Funding Artists’ Mobility
Andy Riess, Ph.D., Assistant Director of Outreach at the Fulbright Scholar Program Council for International Exchange of Scholars, Institute of International Education • www.cies.org
What follows is Andy Riess’ written summary of his presentation at TransCultural Exchange’s 2016 International Conference on Opportunities in the Arts:
My contribution to the four-person ‘Funding Artists’ Mobility’ panel was to discuss the Fulbright Scholar Program (for which I work directly) and other Fulbright options, as well as options within the Institute of International Education (of which my organization is a part). At each level, there are possible grants to people in the arts.
The Fulbright Program is a publicly-funded program that draws most of its support from the United States Congress and, in many countries, from local contributions from the national government and/or educational institutions. First, I noted who makes the rules and who creates the opportunities for all four of the Fulbright programs. (See www.cies.org/programs for a full list of Fulbright programs) It is important that the commitment of the United States to the program be clear, and that anyone planning to work within the Fulbright sphere recognizes the stakeholders and the process by which funding is acquired and also helps assure the serious position of Fulbright as part of America’s efforts to build a better world through excellence.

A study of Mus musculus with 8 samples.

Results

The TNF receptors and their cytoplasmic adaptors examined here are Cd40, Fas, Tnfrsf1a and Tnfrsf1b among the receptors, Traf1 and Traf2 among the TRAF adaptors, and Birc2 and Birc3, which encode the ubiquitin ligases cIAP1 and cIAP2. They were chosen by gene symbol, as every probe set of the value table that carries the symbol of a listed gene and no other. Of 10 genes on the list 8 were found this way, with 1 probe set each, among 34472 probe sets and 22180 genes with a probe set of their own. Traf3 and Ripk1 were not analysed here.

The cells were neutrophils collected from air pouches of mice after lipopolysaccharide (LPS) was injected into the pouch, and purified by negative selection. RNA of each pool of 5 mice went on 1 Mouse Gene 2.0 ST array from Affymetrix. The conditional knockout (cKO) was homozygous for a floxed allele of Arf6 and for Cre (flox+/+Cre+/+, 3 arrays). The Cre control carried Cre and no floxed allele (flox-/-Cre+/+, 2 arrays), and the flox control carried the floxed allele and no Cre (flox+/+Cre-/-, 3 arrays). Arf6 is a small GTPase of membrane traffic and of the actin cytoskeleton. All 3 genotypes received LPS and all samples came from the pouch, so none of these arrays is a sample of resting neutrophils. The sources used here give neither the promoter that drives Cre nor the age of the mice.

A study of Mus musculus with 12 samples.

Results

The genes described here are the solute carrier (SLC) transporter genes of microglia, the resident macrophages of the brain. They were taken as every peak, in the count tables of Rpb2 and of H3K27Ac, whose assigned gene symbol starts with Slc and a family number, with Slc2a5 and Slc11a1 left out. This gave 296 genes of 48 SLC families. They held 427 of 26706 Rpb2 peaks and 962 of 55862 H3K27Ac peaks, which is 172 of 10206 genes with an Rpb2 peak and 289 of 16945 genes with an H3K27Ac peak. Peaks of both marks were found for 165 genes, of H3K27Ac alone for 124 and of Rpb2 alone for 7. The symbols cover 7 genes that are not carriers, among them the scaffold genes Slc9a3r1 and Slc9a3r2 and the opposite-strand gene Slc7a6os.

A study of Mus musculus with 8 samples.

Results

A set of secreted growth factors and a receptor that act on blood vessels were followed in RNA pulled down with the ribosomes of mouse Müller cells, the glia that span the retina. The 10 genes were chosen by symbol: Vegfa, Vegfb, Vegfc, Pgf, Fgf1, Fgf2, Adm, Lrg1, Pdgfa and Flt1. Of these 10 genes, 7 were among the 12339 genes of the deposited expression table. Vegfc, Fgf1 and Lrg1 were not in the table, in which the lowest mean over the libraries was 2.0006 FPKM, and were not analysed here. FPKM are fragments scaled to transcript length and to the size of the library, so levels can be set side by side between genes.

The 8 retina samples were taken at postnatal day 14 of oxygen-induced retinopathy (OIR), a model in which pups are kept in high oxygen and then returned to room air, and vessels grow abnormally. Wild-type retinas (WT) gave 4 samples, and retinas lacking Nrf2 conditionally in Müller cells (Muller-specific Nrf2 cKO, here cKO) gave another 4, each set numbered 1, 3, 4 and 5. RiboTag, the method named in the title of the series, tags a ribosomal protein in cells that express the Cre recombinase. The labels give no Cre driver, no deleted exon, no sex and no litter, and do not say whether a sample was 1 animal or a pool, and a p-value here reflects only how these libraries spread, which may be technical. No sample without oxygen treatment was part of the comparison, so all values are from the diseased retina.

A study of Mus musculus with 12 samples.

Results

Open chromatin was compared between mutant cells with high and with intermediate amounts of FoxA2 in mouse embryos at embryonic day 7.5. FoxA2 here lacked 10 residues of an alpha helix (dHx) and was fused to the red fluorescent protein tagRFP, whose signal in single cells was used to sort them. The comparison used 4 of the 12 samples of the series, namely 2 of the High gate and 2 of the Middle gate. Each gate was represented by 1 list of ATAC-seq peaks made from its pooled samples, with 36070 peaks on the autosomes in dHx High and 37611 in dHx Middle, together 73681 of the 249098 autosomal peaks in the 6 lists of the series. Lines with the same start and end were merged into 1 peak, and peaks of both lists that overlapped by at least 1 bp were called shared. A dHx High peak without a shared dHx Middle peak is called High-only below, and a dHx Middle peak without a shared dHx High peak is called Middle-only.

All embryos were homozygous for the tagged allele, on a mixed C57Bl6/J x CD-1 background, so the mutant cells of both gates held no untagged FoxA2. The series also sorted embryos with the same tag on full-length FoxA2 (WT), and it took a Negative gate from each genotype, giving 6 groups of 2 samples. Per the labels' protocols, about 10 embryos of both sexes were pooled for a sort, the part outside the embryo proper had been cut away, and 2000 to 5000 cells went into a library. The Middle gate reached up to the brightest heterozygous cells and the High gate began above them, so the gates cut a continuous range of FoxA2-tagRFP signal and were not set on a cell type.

Next, I described how the Fulbright programs work in the area of the arts. Both the Scholar and the Student Programs are excellent venues for artists. I pointed out that even the Arctic Initiative is currently funding an artist who works on the visualization of the full structure of icebergs. I noted that most Fulbright programs are country-specific and that many are as open to applications from people in the arts as to those from physicists, anthropologists or applicants from any other academic discipline. I also emphasized that academic employment is not a requirement. The most important factors for Fulbright are the appropriate credentials ⎼ including those of practicing artists ⎼ and the nature and purpose of the project being proposed.
It was also pointed out that Fulbright works with a number of art institutes around the country. Using the Carnegie classifications, the presentation moved on to a list of institutions and institutes of the arts that were home to Fulbright grantees during 2015-2016 (see image above). Note was taken of the fact that although independent artists would not show up in such a list, they, too, are regularly grantees.
The final slide was about other opportunities offered through the Institute of International Education that are not Fulbright grants but can be useful to artists of all kinds. Ultimately, this presentation served to underscore the fact that there are a number of funding sources for the arts, and that as long as one is looking for an international opportunity, Fulbright and the IIE should be venues to be consulted regularly.
The rest of the presentation was set aside for questions. There were a great many, mostly concerning specific ideas or countries of interest to the asker. It was an excellent, interested group.